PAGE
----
When critics of refugee resettlement in the Fargo area, conducted by Lutheran Social Services working under a federal contract, complain that the refugees are driving up crime and are disproportionately dependent on public assistance programs the response defenders of the practice is typically name calling.
Case in point, the Fargo Forum editorial I flagged yesterday which called these claims “a myth” and the critics of refugee resettlement “nativists and xenophobes.” Terms they helpfully tell us are “another way to say ‘racists'”.
But are the claims a myth? Are refugees more prone to crime? Do they use up more public assistance resources than the rest of the population?
We don’t know, and that’s the problem. We need more information in this debate, and journalists more committed to the job of informing the public than the editors of the Fargo Forum would probably realize that.
The question is, how do we get this information so that we can better understand how refugee resettlement is impact our communities? Neither Lutheran Social Services nor the federal government are likely to offer it up, even though such transparency would be a strong step toward engendering more trust and comity with the communities they’re working in. But the State of North Dakota may have a leverage point.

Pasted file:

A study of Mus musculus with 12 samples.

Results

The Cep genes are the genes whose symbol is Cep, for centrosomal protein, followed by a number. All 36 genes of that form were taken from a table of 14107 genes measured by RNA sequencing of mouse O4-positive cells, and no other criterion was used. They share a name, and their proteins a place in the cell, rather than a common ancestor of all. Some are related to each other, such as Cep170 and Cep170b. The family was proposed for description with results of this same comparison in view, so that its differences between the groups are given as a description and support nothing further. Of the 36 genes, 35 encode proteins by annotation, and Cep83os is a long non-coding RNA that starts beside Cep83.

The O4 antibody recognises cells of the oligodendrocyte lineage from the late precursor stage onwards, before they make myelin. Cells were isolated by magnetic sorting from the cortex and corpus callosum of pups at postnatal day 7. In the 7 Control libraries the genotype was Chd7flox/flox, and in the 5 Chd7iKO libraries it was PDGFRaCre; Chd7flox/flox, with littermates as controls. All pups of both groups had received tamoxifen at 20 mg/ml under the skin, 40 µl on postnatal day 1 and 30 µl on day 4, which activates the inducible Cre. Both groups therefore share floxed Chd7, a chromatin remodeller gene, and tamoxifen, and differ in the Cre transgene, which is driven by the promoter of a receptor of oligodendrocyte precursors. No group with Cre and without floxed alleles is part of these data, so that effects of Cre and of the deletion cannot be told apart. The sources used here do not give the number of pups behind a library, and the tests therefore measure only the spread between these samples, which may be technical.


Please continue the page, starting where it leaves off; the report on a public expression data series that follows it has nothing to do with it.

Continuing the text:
According to data from the state’s online expenditure database, Lutheran Social Services received over $8.5 million in state tax dollars in the 2013-2015 biennium.
So here’s a proposal: Some lawmaker should draft legislation tying some or all of this state funding to a transparency requirement for LSS. If they want to work with the State of North Dakota then, in turn, need to be transparent about the impact of refugee resettlement in North Dakota communities.
And, heck, the state could even make an appropriation to fund the tracking of that data. There’s no reason why LSS need carry the load, and the cost would be minimal for the state.
The goal here wouldn’t be to block resettlement, but rather to understand it better. There are is a lot of frustration with how this program has been implemented to date, and LSS deserves a lot of blame for that, but some transparency could open the door to more acceptance.